Exploration of La Perouse Bay
In 1778, English explorer Captain James Cook became the first European to set foot on the Hawaiian Islands. He did not, however, land on Maui. Seven years later, French naval officer and explorer Jean-Francois de Galaup Comte de Laperouse was commissioned by King Louis XVI to finish work from James Cook’s voyage, namely to discover new lands and maritime routes, complete maps begun by Cook, establish commercial trade, research areas for potential territories and collect more scientific data. In addition to members of the crew, Jean-Francois also brought along soldiers, oceanographers, botanists, zoologists, geographers, artists and astronomers to aid in his findings.
In 1785, after leaving the shores of France aboard the Astrolabe and Boussole, Laperouse and his team rounded Cape Horn and traveled to Chile and Easter Island before arriving in Hawaii in May 1786. Searching for a location to come ashore, Laperouse and his crew decided on the relatively calm and protected Keone’o’io Bay (now named La Perouse Bay in his honor) on the southern slopes of Haleakala, becoming the first foreigners to ever step foot on Maui. During the following two days, Laperouse and his team visited four small villages in the area, which he documented in his journal.
“The Indians of the villages of this part of the island hastened alongside in their canoes, bringing, as articles of commerce, hogs, potatoes, bananas, roots of arum, which the Indians call taro… I had no idea of a people so mild and so attentive.”
In fact, one native Maui Chief even gave an officer his cape and helmet, adorned with red feathers, as a symbol of respect and well wishes. After leaving from the shores of Keone’o’io Bay, Laperouse sailed to the shores of Alaska, California, China, Russian Kamchatka peninsula, the Philippines, Samoa, Tonga and Australia. Following a departure from Australia’s Botany Bay in 1788, Laperouse and his crew were never seen again. A later search in 1791 proved unsuccessful, and in 1793, King Louis XVI, on the morning of his scheduled execution, asked his captors, “Is there news of La Perouse?”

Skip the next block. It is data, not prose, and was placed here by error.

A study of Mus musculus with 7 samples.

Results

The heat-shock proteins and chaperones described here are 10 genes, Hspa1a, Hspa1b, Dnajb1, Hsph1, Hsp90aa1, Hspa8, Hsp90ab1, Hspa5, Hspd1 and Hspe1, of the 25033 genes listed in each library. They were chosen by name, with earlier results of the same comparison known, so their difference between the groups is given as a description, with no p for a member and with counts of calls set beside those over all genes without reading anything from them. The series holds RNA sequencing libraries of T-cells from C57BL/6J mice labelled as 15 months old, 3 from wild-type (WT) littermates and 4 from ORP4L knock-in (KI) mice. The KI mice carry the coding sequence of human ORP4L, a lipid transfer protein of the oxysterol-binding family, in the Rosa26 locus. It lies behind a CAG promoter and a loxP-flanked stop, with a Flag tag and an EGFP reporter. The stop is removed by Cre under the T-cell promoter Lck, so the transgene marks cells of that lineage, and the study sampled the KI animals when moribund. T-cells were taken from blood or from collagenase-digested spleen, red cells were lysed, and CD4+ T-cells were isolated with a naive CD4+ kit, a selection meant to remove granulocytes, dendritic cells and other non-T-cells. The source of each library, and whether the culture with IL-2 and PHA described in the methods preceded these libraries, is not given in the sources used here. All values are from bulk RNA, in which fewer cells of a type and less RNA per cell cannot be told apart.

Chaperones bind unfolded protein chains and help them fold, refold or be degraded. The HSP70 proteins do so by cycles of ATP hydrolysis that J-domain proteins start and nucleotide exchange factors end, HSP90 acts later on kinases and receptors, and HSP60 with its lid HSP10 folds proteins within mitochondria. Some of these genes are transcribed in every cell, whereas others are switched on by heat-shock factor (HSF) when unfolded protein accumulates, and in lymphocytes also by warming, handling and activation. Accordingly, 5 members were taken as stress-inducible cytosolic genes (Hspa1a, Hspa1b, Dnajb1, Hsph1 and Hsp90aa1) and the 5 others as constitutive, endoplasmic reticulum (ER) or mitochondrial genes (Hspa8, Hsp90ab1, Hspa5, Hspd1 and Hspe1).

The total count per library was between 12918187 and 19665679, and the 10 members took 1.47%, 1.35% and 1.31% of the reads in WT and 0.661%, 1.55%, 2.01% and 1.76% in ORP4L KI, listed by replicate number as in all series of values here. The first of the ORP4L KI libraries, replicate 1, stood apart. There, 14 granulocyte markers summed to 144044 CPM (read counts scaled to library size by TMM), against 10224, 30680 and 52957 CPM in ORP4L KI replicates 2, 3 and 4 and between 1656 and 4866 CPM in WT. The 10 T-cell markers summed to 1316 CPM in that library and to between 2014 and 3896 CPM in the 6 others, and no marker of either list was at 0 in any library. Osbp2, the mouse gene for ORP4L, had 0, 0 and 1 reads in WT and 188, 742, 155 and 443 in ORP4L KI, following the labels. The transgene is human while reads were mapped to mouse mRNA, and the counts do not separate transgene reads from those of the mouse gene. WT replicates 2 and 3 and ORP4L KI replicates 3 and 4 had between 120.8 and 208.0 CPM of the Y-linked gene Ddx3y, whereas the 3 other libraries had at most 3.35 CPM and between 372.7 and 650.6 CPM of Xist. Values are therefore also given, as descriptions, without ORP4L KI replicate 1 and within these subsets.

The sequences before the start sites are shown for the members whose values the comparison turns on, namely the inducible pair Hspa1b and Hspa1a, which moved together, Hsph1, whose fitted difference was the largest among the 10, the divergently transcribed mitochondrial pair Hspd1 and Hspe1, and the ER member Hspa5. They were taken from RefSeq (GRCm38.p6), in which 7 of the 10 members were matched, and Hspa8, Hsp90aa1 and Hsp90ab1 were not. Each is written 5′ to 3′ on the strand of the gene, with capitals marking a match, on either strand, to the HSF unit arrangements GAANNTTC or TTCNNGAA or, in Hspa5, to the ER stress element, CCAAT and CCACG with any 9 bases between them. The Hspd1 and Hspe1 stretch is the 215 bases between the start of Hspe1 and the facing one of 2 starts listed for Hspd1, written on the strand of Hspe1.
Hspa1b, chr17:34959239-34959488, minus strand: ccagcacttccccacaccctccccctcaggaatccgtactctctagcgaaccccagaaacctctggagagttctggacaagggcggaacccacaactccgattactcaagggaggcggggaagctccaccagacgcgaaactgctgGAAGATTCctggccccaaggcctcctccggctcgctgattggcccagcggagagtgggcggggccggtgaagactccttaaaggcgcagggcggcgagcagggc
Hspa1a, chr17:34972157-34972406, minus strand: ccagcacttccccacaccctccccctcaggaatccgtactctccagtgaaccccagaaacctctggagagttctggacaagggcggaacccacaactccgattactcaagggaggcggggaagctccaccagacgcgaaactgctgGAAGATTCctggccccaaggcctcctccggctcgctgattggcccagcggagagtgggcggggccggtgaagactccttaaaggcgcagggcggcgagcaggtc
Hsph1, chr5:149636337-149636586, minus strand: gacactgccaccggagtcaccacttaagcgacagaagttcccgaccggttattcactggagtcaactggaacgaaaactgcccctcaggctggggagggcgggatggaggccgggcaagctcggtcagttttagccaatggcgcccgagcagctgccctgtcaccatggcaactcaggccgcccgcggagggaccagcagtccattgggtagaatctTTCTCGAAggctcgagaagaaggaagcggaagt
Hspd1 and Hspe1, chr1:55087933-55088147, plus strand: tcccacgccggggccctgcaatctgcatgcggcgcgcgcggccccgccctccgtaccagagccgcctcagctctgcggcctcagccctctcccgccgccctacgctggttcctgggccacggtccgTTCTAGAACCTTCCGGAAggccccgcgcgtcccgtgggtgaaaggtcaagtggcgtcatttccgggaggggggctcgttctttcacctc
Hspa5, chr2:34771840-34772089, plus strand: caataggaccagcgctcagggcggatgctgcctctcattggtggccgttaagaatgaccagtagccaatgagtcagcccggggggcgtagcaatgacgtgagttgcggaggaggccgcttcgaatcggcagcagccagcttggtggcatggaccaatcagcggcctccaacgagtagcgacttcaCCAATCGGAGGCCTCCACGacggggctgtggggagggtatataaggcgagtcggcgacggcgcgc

It wasn’t until 1826 when Astrolabe was discovered near the Soloman Islands, finally confirming his disappearance. Around the same time, an English trader found a European sword engraved with Laperouse’s name, which belonged to a native of the island nation of New Hebrides, the colonial name for what is now the nation of Vanuatu. The second ship, Boussole, wasn’t identified until 1964.
La Perouse – Then & Now
At approximately the same time Laperouse disappeared, Haleakala Volcano erupted, covering the former villages in a layer of jagged lava, called a’a lava. This was the last recorded lava flow on Maui, and the dramatic black lava rock that covers this area is one of the most unique views you’ll see on Maui. While annual rainfall along the coast is only 15 inches, views of lush green pastures and rolling clouds of Upcountry Maui paired with turquoise waves, jagged rock and colorful sunset skies make this an area worth exploring.
If you’re interested in experiencing more of Maui’s forbidden coast on land, La Perouse is the starting point for the King’s Highway, a trail once created by pounding sharp lava rock flat in order to allow King Pi’ilani to circumnavigate the island. The trail, later improved by Governor Hoapili, follows the rugged coastline for approximately 5.5 miles to Kanai’o Beach. Be aware that this hike is very dry, hot and rough due to the surrounding sharp lava rock. But if you’re up for a challenge, the views are excellent!
The area surrounding La Perouse Bay is home to several fascinating archaeological sites, including canoe hale, salt pans, fishing shrines, heiau (ancient temples), native coastal plants and more. The bay is also frequented by pods of Hawaiian Spinner Dolphins, which often rest in the calm, shallow bay during morning hours. While snorkeling and scuba diving are possible in the area, our guided tour of the area allows guests to discover the best points of interest with minimal effort. Plus, you may just get a close encounter with some curious dolphins!
We hope to see you out on a tour of Maui’s Forbidden Coast with us soon, and as always, mahalo for reading!